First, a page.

Fetal abnormalities » Amniotic fluid
- 1 in 100 pregnancies at <24 weeks’ gestation.
- The vertical measurement of the deepest pocket of amniotic fluid free of fetal parts is <2 cm or the amniotic fluid index (sum of vertical pockets in the four quadrants) is <5 cm.
- There are essentially three major causes of oligohydramnios at <24 weeks’ gestation:
- Urinary tract abnormalities: bilateral renal agenesis, multicystic or polycystic kidneys and urethral obstruction.
- Preterm prelabor rupture of the membranes: normal fetal growth, anatomy and fetal Doppler, with maternal history of vaginal loss of clear or blood stained amniotic fluid.
- Uteroplacental insufficiency: Fetal growth restriction with Doppler evidence of high impedance to flow in the uterine and / or umbilical arteries and redistribution in the fetal circulation.
- Detailed ultrasound examination.
- In cases of unexplained oligohydramnios, amnioinfusion may be useful in allowing detailed examination of the fetus and in some cases to demonstrate that the cause was rupture of membranes.
- Invasive testing for karyotyping should be undertaken if there are relevant fetal abnormalities.
- Ultrasound scans every 1-3 weeks to monitor fetal condition and assess amniotic fluid volume. In cases of rupture of the membranes assessment of lung growth may be useful in predicting pulmonary hypoplasia.
- Therapeutic amnioinfusion is not useful.
- In uteroplacental insufficiency assessment of fetal growth and Doppler in the umbilical artery, ductus venosus and middle cerebral artery will help decide the best time for delivery.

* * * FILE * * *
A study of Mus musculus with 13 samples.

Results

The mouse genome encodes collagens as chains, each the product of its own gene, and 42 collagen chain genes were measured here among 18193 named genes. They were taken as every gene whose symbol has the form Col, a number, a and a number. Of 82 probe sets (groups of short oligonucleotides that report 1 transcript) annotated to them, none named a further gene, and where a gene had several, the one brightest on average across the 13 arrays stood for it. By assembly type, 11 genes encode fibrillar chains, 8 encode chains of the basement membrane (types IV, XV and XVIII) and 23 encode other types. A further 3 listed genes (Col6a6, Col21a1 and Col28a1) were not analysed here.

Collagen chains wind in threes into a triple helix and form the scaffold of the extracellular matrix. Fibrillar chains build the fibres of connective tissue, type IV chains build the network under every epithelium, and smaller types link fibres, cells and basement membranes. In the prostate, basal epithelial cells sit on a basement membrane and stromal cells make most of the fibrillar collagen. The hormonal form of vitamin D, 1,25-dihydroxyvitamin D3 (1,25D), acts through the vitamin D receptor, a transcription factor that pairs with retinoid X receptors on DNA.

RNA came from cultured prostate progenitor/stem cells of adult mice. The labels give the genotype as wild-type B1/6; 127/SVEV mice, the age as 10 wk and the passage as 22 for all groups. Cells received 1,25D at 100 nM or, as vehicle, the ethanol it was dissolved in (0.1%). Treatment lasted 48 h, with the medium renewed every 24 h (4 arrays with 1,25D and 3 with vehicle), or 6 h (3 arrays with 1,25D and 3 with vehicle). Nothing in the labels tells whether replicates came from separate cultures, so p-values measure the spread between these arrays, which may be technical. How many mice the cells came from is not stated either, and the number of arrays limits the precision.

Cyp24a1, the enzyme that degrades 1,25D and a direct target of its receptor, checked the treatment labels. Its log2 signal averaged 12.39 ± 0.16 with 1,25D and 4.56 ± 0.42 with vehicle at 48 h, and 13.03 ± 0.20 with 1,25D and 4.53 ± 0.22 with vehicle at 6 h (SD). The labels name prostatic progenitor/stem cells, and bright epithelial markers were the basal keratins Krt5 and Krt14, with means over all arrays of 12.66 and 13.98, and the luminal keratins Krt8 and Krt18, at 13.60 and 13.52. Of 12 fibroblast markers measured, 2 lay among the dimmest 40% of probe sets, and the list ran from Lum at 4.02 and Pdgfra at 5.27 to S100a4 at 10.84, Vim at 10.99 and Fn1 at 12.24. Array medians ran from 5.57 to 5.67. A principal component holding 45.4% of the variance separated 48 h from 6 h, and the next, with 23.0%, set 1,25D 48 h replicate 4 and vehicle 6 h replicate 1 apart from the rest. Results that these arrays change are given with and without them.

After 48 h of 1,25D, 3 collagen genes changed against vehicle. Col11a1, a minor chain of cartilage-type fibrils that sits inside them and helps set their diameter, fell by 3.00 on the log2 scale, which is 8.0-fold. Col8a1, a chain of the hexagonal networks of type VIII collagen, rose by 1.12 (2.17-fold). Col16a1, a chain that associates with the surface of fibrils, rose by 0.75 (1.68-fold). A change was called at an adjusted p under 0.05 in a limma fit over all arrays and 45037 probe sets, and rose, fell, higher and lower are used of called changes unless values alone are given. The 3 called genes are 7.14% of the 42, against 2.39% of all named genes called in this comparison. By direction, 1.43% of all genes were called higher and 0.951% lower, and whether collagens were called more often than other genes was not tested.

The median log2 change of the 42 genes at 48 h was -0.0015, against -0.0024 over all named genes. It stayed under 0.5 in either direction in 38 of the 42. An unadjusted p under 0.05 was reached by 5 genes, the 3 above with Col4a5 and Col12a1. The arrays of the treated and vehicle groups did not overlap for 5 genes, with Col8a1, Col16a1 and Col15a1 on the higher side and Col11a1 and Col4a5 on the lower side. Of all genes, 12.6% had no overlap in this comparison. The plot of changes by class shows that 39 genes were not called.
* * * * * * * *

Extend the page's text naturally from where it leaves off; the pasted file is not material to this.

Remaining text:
- Fetal urinary tract abnormalities: standard obstetric care and delivery.
- Rupture of the membranes: expectant management and vaginal delivery if cephalic presentation.
- Uteroplacental insufficiency: cesarean section or vaginal delivery depending on gestational age, fetal size and degree of fetal compromise as defined by Doppler and or cardiotocography.
- Depends on gestational age at diagnosis, cause and gestational age at delivery. In oligohydramnios <24 weeks’ gestation the prognosis is generally poor.
- Bilateral renal agenesis, multicystic or polycystic kidneys are lethal abnormalities, usually in the neonatal period due to pulmonary hypoplasia.
- Preterm rupture of membranes at ≤20 weeks’ gestation is associated with a poor prognosis; about 40% miscarry within 5 days of membrane rupture due to chorioamnionitis, and, in the remaining 60% of pregnancies, more than 50% of neonates die due to pulmonary hypoplasia.
- Uteroplacental insufficiency resulting in oligohydramnios at ≤24 weeks’ gestation is very severe and the most likely outcome is intrauterine death.
- Renal abnormalities: agenesis or multicystic 1-3%, infantile polycystic 25%.
- Preterm rupture of membranes: 10-25%, but can be reduced by cervical cerclage and progesterone
- Uteroplacental insufficiency: 10% but can be reduced by aspirin (150 mg/day) from 12 weeks’ gestation.